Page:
Found 2370 Hypotheses across 237 Pages (0.006 seconds)
  1. "[In] societies where there was low constancy of presence of the nurturant agent, there was no separate name for the mother. . . . [Societies] where there was high constancy of presence of the nurturant agent . . . had a separate name for the mother" (112)Zern, David - The relationship between mother/infant contact and later differentiation of ..., 1972 - 2 Variables

    This study examines the relationship between mother absence in child rearing and kinship terminology, particularly the differentiation of daughters and nieces. A significant association is found and the author offers theories of causality in both directions.


    This study examines the relationship between mother absence in child rearing and kinship terminology, particularly the differentiation of daughters and nieces. A significant association is found and the author offers theories of causality in both directions.


    This article examines how an increase in overall societal complexity affects local political offices. Findings suggest that a more complex society has a slight tendency to develop more political offices within the community, but there is greater support for an increased number of jurisdictional levels within the community.


    This study examines the relationship between disequilibrium in child-rearing and societal complexity (particularly social complexity rather than technical complexity). The author suggests that child-rearing plays a role in forming cultural dimensions.


    This study examines the relationship between disequilibrium and cognitive development using measurements of child-rearing, presence of high gods, and games of strategy.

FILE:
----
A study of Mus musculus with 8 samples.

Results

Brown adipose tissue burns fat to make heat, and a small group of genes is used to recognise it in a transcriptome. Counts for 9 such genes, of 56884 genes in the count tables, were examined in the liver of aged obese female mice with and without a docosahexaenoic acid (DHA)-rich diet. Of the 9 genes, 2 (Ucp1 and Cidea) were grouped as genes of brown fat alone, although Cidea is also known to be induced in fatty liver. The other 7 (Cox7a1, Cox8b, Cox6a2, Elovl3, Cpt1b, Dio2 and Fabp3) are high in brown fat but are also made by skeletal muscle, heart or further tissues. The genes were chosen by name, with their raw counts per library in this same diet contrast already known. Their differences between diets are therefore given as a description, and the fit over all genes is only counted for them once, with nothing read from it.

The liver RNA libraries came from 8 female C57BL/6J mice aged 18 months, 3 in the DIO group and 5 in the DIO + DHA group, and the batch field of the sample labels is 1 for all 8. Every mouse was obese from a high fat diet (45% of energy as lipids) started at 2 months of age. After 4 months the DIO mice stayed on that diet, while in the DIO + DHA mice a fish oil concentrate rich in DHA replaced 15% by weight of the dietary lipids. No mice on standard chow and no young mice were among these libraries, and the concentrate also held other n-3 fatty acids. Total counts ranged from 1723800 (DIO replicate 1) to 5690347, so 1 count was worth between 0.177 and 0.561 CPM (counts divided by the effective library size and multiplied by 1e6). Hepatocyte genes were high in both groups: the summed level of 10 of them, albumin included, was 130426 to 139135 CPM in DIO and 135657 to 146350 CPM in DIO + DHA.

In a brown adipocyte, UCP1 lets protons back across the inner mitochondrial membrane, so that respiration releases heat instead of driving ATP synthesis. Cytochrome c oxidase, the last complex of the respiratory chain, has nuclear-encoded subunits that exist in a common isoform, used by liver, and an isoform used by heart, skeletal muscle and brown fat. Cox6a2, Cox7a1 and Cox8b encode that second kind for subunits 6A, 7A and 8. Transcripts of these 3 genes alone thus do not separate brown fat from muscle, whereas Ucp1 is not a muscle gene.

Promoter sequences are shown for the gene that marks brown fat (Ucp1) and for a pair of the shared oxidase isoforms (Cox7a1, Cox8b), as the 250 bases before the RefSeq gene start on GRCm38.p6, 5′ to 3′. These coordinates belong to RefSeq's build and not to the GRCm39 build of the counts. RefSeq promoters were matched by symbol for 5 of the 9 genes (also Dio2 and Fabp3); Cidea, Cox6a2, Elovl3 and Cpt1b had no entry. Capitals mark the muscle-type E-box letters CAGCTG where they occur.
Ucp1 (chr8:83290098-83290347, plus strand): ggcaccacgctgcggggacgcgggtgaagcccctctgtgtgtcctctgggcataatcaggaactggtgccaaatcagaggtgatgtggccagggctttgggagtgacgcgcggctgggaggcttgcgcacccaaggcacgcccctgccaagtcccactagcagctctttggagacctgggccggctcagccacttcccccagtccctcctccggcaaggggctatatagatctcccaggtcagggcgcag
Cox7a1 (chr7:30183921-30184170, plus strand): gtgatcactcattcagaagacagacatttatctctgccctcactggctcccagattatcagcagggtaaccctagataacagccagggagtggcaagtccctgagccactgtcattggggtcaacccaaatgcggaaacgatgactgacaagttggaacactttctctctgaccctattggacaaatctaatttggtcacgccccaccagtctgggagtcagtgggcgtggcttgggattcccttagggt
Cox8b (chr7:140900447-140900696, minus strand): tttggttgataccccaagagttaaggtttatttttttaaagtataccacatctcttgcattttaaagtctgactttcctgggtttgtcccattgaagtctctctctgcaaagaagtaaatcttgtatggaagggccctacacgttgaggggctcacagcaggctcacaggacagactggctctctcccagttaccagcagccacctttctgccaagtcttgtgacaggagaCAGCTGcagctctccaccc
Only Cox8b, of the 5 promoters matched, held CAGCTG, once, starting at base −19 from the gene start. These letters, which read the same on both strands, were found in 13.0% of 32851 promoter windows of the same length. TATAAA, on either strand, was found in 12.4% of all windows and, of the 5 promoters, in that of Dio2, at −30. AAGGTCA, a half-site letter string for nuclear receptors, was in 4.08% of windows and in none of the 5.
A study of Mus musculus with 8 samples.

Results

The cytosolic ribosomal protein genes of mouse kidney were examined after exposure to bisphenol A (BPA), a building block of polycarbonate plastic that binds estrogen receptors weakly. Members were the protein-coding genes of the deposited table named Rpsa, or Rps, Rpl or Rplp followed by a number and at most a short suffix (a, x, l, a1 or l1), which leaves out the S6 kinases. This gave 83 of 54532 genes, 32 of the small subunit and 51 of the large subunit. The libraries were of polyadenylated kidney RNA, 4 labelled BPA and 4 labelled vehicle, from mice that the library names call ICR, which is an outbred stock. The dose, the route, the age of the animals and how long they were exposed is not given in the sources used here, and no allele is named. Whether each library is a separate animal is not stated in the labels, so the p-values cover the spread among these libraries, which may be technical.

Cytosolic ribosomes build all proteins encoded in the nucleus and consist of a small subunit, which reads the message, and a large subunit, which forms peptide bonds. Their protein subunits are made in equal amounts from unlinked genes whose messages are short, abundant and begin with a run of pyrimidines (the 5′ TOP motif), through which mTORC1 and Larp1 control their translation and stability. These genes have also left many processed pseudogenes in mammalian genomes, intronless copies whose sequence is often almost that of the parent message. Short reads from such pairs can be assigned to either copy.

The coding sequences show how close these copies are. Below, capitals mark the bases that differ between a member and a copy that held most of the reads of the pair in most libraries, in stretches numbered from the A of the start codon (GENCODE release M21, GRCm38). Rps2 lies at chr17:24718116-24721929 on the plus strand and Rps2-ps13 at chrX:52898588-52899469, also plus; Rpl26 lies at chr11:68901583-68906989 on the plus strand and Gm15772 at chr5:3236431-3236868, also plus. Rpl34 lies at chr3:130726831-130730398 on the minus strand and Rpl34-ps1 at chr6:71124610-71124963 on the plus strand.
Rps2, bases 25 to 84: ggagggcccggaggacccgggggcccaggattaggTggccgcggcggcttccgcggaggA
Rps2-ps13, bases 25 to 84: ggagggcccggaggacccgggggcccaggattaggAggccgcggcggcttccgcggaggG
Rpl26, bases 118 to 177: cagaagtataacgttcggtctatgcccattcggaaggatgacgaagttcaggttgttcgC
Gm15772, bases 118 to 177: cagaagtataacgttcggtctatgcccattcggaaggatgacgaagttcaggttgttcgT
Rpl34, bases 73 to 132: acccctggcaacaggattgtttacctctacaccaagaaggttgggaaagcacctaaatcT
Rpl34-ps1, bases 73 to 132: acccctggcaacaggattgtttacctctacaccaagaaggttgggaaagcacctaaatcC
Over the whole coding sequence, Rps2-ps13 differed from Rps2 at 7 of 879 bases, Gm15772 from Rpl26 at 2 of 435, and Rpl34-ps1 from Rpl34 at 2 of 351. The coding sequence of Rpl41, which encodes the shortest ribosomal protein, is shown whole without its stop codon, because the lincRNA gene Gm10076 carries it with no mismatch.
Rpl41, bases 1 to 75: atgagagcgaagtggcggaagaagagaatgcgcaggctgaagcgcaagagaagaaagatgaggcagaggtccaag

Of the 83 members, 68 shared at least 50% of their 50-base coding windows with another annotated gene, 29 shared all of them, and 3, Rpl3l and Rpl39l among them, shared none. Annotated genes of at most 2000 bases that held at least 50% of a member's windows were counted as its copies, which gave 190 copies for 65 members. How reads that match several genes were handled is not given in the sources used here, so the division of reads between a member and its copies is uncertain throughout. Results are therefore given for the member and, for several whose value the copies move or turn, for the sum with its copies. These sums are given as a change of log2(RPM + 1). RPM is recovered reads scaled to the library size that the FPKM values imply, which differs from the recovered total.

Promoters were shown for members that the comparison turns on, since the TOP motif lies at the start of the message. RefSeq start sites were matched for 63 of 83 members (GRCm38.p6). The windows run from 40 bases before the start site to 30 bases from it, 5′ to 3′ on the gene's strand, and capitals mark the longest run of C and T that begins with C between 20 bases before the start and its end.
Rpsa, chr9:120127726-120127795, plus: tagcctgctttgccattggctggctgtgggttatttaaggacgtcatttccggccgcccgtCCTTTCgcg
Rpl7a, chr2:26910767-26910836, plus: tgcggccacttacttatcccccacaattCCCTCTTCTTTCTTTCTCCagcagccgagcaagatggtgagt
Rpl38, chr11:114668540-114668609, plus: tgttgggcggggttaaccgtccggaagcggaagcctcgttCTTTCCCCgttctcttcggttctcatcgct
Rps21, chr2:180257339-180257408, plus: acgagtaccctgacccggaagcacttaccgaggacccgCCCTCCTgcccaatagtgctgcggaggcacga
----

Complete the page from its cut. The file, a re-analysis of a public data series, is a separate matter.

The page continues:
This paper tests the proximity hypothesis (used by Murdock [1949]) which posits that residential propinquity will be associated with parent-in-law avoidance and kin terminology. Several operational hypotheses are tested but none are supported. The author suggests that this finding may cast doubt other hypotheses that underlie Murdock’s findings, such as the participation hypothesis.


    This article examines how an increase in overall societal complexity affects local political offices. Findings suggest that a more complex society has a slight tendency to develop more political offices within the community, but there is greater support for an increased number of jurisdictional levels within the community.


    This article uses factor analysis to identify the key variables underlying the many cross-cultural associations reported by Textor (1967). Twelve factors are identified.


    This study examines the relationship between adult male height and mother-infant separation. Results indicate that males who are separated from their mothers briefly during infancy are taller in adulthood than those who are not.


    This paper tests the proximity hypothesis (used by Murdock [1949]) which posits that residential propinquity will be associated with parent-in-law avoidance and kin terminology. Several operational hypotheses are tested but none are supported. The author suggests that this finding may cast doubt other hypotheses that underlie Murdock’s findings, such as the participation hypothesis.